The management, maintenance, and administration of transportation, construction, weight-handling and material-handling equipment at an activity are the responsibility of designated components, such as the transportation division, branch, or section in a Public

Works Department or Alfa company in a Naval Mobile Construction Battalion (NMCB).

The transportation officer in a public works and the Alfa company commander designated as the equipment officer in an NMCB are directly responsible to the commanding officer of the activity for the management and maintenance of all assigned CESE. In an NMCB, the Alfa company operations chief, transportation supervisor, and senior petty officers are responsible to the equipment officer for the administration, operations, and operator maintenance of all assigned CESE.

YOUR PERFORMANCE when assigned as the dispatcher, yard boss, collateral equipage custodian, attachment custodian, as an EO assigned to the transportation pool, or when conducting prestarts, operating equipment, performing post-operational checks, operator's maintenance, and completing and documenting any problems with apiece of equipment is all part of the equipment management program.

Figure 6-11.-Accident-Identification Card, DD Form 518.


Your primary duty when dispatching is to manage the assigned equipment resources efficiently within the general policies and directives of the Navy and policies set forth by the equipment officer. Policies and directives for dispatch operations are outlined in the NAVFAC P-300, Management of Transportation; NAVFAC P-404, Equipment Management Manual; and COMSECOND/COMTHIRDNCBINST 11200.1 Series, Naval Mobile Construction Battalion (NMCB) Equipment Management Instruction.

Duties of the Dispatcher

The dispatcher is the key equipment management position in a unit and is the hub of communication for daily equipment operations. A competent dispatcher must possess the knowledge, skill, and ability to accomplish the following:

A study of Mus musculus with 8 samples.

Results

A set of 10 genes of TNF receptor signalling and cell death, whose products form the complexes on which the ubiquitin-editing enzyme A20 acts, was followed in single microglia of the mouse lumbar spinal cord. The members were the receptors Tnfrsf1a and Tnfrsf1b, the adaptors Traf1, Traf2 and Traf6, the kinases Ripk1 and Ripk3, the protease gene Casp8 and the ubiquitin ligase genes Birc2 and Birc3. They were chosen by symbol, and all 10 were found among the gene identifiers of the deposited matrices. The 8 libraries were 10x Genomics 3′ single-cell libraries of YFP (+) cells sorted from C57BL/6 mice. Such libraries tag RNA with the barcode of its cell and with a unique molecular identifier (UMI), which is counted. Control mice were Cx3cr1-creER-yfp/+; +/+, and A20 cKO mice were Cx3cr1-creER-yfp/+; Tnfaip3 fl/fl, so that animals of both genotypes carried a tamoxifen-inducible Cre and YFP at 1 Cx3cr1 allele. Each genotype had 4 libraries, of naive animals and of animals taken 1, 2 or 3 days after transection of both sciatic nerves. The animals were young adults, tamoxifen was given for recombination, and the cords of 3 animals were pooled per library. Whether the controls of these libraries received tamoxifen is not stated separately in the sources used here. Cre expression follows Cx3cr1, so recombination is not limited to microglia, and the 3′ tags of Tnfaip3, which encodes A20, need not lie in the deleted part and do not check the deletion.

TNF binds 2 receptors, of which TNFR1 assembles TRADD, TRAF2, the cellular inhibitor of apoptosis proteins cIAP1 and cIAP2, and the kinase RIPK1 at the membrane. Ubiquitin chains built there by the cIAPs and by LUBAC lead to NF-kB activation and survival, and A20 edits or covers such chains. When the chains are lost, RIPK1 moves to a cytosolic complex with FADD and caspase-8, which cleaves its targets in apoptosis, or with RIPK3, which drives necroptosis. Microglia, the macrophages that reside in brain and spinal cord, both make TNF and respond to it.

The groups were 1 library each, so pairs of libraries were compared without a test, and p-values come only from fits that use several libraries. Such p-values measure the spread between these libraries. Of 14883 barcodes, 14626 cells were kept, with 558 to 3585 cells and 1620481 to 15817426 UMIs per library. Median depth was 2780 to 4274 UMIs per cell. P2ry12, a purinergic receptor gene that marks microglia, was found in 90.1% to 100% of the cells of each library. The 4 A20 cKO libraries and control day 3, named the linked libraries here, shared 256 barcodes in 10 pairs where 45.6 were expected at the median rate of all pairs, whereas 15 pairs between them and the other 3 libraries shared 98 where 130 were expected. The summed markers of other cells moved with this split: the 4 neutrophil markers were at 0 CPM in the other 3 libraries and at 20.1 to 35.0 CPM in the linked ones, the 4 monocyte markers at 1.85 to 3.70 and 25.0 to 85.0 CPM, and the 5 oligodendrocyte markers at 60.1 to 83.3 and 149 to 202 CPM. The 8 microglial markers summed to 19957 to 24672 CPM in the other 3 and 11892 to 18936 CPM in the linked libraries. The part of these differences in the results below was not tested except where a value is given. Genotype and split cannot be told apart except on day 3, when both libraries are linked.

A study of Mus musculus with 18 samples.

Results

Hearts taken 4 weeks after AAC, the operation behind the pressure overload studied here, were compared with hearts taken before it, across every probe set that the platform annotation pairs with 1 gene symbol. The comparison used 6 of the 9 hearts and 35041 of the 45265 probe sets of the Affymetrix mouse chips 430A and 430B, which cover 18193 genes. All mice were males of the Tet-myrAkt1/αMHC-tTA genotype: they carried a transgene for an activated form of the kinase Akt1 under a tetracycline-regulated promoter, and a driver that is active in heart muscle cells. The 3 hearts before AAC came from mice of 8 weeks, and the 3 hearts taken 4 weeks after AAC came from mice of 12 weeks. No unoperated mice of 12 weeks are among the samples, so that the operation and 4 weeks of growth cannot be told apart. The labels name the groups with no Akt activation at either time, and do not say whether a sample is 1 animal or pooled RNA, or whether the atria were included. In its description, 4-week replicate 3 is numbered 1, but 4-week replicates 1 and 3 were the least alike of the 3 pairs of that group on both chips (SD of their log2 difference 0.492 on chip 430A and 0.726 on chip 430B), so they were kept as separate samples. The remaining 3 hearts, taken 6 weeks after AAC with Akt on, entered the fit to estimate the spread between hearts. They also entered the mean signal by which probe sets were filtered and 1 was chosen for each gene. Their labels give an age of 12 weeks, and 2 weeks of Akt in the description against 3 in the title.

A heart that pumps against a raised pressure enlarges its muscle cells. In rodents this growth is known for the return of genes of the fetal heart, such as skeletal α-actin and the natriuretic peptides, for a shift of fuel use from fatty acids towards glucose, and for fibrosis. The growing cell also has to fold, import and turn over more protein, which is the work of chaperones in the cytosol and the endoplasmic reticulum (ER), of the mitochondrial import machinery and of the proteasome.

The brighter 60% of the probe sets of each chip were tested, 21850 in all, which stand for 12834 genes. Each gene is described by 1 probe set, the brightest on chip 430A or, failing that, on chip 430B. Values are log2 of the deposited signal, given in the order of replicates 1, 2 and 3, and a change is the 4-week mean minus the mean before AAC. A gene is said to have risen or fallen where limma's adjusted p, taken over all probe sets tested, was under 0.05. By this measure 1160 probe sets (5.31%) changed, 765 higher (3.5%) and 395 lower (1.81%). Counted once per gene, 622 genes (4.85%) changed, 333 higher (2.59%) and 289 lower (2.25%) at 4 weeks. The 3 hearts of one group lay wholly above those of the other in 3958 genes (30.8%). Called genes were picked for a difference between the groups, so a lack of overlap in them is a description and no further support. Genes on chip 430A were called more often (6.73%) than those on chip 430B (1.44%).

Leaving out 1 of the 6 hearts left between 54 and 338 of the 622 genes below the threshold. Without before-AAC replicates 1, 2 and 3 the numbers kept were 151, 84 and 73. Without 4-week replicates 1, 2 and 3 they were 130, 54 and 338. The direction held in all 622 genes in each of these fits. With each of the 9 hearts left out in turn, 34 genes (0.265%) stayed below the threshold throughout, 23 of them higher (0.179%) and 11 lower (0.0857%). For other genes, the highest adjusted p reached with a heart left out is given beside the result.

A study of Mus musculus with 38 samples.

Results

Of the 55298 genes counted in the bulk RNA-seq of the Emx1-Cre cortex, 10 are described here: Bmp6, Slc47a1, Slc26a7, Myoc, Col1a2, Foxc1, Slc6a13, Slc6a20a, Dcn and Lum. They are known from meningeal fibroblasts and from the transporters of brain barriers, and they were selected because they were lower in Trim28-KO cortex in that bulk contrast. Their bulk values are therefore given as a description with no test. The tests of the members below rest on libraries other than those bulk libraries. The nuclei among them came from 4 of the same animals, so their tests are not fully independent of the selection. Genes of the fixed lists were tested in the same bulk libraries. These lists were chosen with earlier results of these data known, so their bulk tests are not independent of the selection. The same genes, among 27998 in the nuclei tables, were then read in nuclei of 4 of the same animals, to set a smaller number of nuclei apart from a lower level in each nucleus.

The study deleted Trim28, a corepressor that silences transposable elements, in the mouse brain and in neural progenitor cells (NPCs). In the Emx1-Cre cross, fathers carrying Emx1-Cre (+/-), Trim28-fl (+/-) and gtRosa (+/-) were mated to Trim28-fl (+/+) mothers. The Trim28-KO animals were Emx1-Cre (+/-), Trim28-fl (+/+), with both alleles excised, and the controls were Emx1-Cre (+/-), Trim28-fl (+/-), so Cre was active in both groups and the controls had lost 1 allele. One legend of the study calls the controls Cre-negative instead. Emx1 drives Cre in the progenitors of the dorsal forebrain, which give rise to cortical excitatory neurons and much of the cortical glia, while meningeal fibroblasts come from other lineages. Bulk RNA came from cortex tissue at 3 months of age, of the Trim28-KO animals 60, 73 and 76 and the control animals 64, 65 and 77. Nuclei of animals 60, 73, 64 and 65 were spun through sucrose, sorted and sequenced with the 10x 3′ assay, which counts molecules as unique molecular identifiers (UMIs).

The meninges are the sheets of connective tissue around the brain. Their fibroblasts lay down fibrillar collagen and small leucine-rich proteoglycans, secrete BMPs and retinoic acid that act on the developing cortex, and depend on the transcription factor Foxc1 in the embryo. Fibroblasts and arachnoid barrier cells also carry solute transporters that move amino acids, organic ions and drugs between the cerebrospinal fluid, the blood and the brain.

Convey information and instruction in a concise and tactful manner.

Exercise good judgment and make decisions quickly.

Work efficiently under pressure.

Conduct administrative, clerical, and recordkeeping duties

Have knowledge of equipment sizes, types, uses, and limitations.

Some of the major job requirements of the dispatcher are as follows:

1. Route information: The dispatcher must know and convey to operators information on the weather, road conditions, routes to travel, and emergency procedures. The dispatcher must also know weight limits on roads and bridges, low clearances, traffic hazards, and have a good knowledge of local transportation systems, schedules, and routes.

2. Equipment status: The dispatcher must know the current status and location of every assigned item of equipment.

3. Keys: The dispatcher controls the keys to all vehicle locking devices and ignition keys. Spare keys are maintained in the equipment history jacket.

4. Records: The dispatcher checks operator licenses, and issues the Operator's Daily PM Report, NAVFAC 11260/4, for documenting pre- and postoperational checks on construction, weight-handling, and material-handling equipment. The Operator's Inspection Guide and Trouble Report, NAVFAC 9-11240/13, and the Motor Equipment Utilization Record, DD Form 1970, are used for documenting preand post-operational checks and recording the utilization of automotive equipment. Additionally, the dispatcher must ensure that equipment required to operate over the road contains mishap reporting procedures and forms. The proper forms are a Standard Form 91 and a description of local mishap reporting procedures.

EQUIPMENT STATUS BOARD.- The Equipment Status Board provides a means of listing, by USN number, all equipment assigned to a unit. The status board should be color-coded to identify the current status, general assignment, and location of each piece of CESE (fig. 6-12).

A responsibility of the dispatcher is to know the current status and location of every assigned piece of equipment. This is accomplished by maintaining the status board and by making, at the end of each work day, a comparison check between the dispatch Equipment Status Board and the Equipment Status Board of cost control.

USN Numbers.- All Navy automotive vehicles, construction equipment, and weight-handling equipment are assigned USN registration numbers for identification. The number assigned to each unit of equipment is keyed to classify the unit by the pertinent subcategory within one of eight major categories of equipment; for example, registration series USN 40-00000 is a major category consisting of earthmoving equipment. 45-00000 of that registration series pinpoints it as a loader. Figure 6-13 shows some of the registration sereis and equipment categories used in the Naval Construction Force.

Equipment Codes.- The equipment codes on the Equipment Status Board are used to establish permanent and positive identification of each piece of equipment; for example, the equipment codes for dozers under the same 48-00000 USN number series identify specific pieces by manufacturer, model, attachments (i.e., winch, ripper, and cab), and so forth.